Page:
Malacañang in no rush to implement the much debated Landbank-DBP union | Inquirer Business

Malacañang in no rush to implement the much debated Landbank-DBP union

Landbank, DBP merger


MANILA  -The planned merger of Land Bank of the Philippines and Development Bank of the Philippines may be facing more hurdles than anticipated as Malacañang asked the overseer of state-run firms to study the proposal some more.

In a memorandum dated July 26, Executive Secretary Lucas Bersamin said the Office of the President (OP) was deferring action on a request of the Governance Commission for Government-owned and Controlled Corporations (GCG) for the issuance of an executive order that approves the Landbank-DBP merger, with Landbank as the surviving entity.


“Upon evaluation, taking into consideration the comments and recommendations of the (Department of Finance, Landbank, DBP, Bangko Sentral ng Pilipinas (BSP), Philippine Competition Commission), and Commission on Audit, you are hereby directed to conduct further study of the proposed merger,” Bersamin said in the letter addressed to GCG Chair Alex Quiroz.


Malacañang directive

Also, the GCG was instructed to submit to the OP findings and recommendations on matters that include “further legal and factual bases for the approval” of the merger as well as “a comprehensive study of the timeliness of the proposed merger.”

Further, the GCG is expected to turn in information about the financial impact of the merger on the balance sheet of Landbank in the context of the capital and liquidity requirements of the BSP and — to meet such BSP requirements — the capital infusion that may be needed from the national government.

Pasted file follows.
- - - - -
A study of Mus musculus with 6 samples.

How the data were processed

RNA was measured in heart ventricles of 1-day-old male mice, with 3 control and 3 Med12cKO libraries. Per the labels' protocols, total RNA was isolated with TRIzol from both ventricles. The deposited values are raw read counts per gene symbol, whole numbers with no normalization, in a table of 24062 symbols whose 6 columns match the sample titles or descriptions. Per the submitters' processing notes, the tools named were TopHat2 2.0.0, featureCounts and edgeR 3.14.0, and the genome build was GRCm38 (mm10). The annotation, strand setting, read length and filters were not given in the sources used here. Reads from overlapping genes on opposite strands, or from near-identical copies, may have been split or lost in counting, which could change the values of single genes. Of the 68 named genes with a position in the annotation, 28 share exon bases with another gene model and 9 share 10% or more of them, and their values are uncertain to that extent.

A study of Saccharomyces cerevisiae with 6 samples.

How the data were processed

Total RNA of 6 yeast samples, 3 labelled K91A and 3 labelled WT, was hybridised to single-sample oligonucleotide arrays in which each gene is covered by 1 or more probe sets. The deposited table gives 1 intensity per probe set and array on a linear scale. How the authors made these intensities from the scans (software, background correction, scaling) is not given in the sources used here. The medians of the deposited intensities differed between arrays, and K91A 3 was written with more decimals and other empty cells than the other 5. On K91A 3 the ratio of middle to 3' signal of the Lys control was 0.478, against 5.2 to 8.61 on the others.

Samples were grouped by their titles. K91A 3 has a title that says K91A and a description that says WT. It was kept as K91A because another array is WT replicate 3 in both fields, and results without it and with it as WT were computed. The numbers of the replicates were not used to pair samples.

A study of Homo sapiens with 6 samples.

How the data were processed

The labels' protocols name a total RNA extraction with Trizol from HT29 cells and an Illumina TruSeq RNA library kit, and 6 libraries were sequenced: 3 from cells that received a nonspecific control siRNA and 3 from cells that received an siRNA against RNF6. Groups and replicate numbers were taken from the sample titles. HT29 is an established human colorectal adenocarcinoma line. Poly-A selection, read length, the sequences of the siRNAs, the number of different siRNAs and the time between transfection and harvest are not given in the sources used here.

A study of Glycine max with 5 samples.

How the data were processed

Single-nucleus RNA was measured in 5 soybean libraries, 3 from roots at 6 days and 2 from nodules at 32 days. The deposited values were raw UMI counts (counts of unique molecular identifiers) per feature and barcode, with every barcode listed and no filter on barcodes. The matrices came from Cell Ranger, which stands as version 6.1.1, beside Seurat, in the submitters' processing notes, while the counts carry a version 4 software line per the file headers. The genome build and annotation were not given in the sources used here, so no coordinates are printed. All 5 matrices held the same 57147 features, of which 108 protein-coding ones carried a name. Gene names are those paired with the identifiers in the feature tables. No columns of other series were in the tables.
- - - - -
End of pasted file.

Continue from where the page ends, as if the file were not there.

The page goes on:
By the reckoning of Finance Secretary Benjamin Diokno, who is the main champion of the merger and also serves as ex-officio member of GCG, the creation of the Philippines’ new largest bank would happen within this year.

Impact on employees

GCG is also directed to explain the basis of and cost for the grant of “merger incentive pay and separation incentive pay” to affected DBP employees, as well as the number of employees affected. In addition, the GCG is required to submit an action plan to address the various issues and concerns raised by government agencies concerned, and to present favorable recommendations of government agencies that may agree with the planned merger.

“Pending the submission of (these) requirements, we are respectfully returning your request (for EO that approves the merger) without action,” Bersamin said.

Last April, the GCG clarified that there was no decision yet that approved the merger after saying that the proposal does not require any new law from Congress, and that this may be done through an act of the President.


In February 2016, then President Benigno Aquino III issued EO 198 that provided for the merger, with Landbank as the surviving entity. Seven months later in September, then Finance Secretary Carlos Dominguez III said GCG had abandoned the planned merger by way of an en banc resolution.

Dominguez and Diokno, who was then budget secretary, also signed the resolution as ex-officio members of GCG. In completely opposite words to those of the present GCG, Dominguez said the merger was scuttled because the two banks have different purposes and that such a union cannot be done without a law passed by Congress.